CableLabs is cooking up a new method to stop distributed denial of service (DDoS) attacks by blocking devices at the source, where attacks are full-strength, by using programming language P4.
On the sidelines of this week's SCTE-ISBE Cable-Tec Expo in New Orleans, CableLabs' Randy Levensalor outlined the security project known as "Transparent Security."
Transparent Security can mitigate ingress and egress traffic at every point in the network. Most DDoS software solutions are typically deployed only at the edge of a network, which means they can't protect the network from internal DDoS attacks. In turn, internal DDoS attacks can weaponize service providers' networks for further attacks.
"Instead of looking at just protecting yourself against a DDS attack, we can block the attack closer to the source and identify either the customer or the device on the customer premises that is launching the attack," said Levensalor, lead architect, software research and development. "What we do is kind of a two pronged approach. One is to identify the source of the attack and we're doing in-band network telemetry so we're having the originating MAC and the originating IP address of the device and we're adding that to the packet.
"Then we add more information for every hop the packet takes within the access network. Then we're able to look at every header on every egress packet to identify the attack in seconds."
P4 (Programming Protocol-independent Packet Processors) is a domain-specific programming language for networking that is widely used with software-defined networking (SDN.) Since its inception in 2013, P4 has become the de facto standard for expressing how packets are processed by the data plane of a forwarding element, such as a hardware or software switch, network interface card (NIC,) router, or network appliance.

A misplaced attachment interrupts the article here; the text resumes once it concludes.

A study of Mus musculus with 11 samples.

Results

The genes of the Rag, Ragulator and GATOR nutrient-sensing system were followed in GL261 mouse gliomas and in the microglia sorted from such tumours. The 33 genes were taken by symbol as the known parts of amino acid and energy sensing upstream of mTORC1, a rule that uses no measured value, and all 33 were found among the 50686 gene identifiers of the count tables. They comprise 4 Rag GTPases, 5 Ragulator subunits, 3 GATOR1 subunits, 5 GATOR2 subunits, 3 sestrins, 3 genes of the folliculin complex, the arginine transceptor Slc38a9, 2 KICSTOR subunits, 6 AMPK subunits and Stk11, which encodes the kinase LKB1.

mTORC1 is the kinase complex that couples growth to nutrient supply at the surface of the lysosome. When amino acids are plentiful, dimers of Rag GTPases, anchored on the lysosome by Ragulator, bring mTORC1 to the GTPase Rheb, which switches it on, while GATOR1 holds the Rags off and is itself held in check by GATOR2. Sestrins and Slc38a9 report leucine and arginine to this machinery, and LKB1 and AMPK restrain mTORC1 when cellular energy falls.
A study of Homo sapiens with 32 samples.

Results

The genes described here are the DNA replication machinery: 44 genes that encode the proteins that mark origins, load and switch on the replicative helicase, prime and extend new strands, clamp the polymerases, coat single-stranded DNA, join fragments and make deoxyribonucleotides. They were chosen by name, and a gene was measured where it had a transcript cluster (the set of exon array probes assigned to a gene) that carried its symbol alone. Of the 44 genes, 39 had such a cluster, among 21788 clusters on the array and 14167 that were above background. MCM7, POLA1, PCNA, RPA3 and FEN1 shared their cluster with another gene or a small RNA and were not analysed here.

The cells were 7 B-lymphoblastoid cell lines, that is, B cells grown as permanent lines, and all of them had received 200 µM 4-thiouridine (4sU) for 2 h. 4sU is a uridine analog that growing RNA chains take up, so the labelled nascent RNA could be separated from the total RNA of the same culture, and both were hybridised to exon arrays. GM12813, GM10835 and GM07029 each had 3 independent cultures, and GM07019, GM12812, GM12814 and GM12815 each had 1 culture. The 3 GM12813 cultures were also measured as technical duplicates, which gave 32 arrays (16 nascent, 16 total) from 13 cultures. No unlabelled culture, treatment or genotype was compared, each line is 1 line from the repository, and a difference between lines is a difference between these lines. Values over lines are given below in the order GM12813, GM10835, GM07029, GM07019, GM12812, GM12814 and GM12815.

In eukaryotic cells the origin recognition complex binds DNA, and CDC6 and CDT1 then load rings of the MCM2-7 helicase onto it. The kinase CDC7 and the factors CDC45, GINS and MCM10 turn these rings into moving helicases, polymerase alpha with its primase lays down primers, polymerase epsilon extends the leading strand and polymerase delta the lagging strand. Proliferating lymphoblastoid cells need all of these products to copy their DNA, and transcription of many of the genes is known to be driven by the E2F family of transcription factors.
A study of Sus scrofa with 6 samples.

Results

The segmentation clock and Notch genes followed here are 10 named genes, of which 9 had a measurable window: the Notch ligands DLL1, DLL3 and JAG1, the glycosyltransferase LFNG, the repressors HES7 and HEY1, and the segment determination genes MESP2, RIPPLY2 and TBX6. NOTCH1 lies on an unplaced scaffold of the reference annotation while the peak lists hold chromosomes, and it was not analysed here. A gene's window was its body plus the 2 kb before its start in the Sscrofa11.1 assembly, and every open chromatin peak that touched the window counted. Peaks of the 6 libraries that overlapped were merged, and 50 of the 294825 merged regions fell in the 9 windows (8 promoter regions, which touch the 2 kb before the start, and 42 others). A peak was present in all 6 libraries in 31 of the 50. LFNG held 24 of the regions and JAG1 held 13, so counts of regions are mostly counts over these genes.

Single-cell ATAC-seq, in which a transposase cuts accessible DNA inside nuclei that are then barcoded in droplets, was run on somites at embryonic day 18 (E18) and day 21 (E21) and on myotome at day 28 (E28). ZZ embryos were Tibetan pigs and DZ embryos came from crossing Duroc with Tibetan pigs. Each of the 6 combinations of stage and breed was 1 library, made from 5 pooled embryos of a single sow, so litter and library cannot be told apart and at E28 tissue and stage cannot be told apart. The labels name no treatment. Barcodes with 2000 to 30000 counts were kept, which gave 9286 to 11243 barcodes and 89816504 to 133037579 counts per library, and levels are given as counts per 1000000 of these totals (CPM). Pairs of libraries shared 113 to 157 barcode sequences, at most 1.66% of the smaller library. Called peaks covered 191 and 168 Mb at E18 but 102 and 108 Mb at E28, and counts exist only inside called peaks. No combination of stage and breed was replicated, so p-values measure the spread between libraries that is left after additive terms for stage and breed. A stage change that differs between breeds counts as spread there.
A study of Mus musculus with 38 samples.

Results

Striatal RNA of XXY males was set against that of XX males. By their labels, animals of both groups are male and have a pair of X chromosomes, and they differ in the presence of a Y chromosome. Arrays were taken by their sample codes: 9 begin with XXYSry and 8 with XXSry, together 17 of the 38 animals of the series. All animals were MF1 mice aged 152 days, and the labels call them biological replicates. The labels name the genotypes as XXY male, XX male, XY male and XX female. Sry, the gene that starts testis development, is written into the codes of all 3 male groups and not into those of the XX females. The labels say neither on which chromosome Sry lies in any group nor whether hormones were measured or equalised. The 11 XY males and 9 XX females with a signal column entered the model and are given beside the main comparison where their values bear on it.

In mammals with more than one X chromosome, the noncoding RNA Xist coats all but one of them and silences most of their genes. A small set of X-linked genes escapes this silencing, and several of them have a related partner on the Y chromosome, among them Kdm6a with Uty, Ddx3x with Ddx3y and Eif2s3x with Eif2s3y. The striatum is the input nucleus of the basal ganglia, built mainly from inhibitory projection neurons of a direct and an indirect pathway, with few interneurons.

"We have a white boxes that we put P4 on and then we're also able to run P4 on the gateway," Levensalor said. "We're doing offloading onto a NIC that you can also run in software and FPGAs. We use P4 to do that in-band telemetry and we also strip that information before it leaves our network.
"For the mitigation, we have P4 tables that will do the dropping. With P4 you can get a lot more fine-grained in the signature than you can with something like OpenFlow. We can keep the other devices up and running while only blocking the traffic that is part of the DDoS attack."
By combining P4 with ASICs that are built to run programs at high speed, CableLabs can mitigate DDoS attacks without sacrificing network performance. As service providers update their networks with customizable switches and edge compute capabilities, they can add new features with a software update, according to Levensalor.
Levensalor said CableLabs has a proof-of-concept (PoC) for Transparent Security underway, and it's starting to work with vendors on the interfaces. CableLabs is using an internally developed software-defined networking controller for the PoC.
CableLabs has big plans for the programmable data plane and P4. Levensalor said CableLabs is also looking at using the programmable data plane for cloud-native and edge compute in tandem with Kubernetes.
"So, some of the things we've moved from physical devices to VNFs to containers, we actually now are able to start looking at some of the functionality embedded on a switch so we can run it at line rate without needing a server," he said. "We'll get this platform in place where we have P4 change the behavior of the network and the devices. We have in-band telemetry so we have visibility for every package in our networks. Then we have an analytics engine and controllers at the edge.
"Suddenly this opens a whole new world of closed-loop automation that we can do and tie into other programs."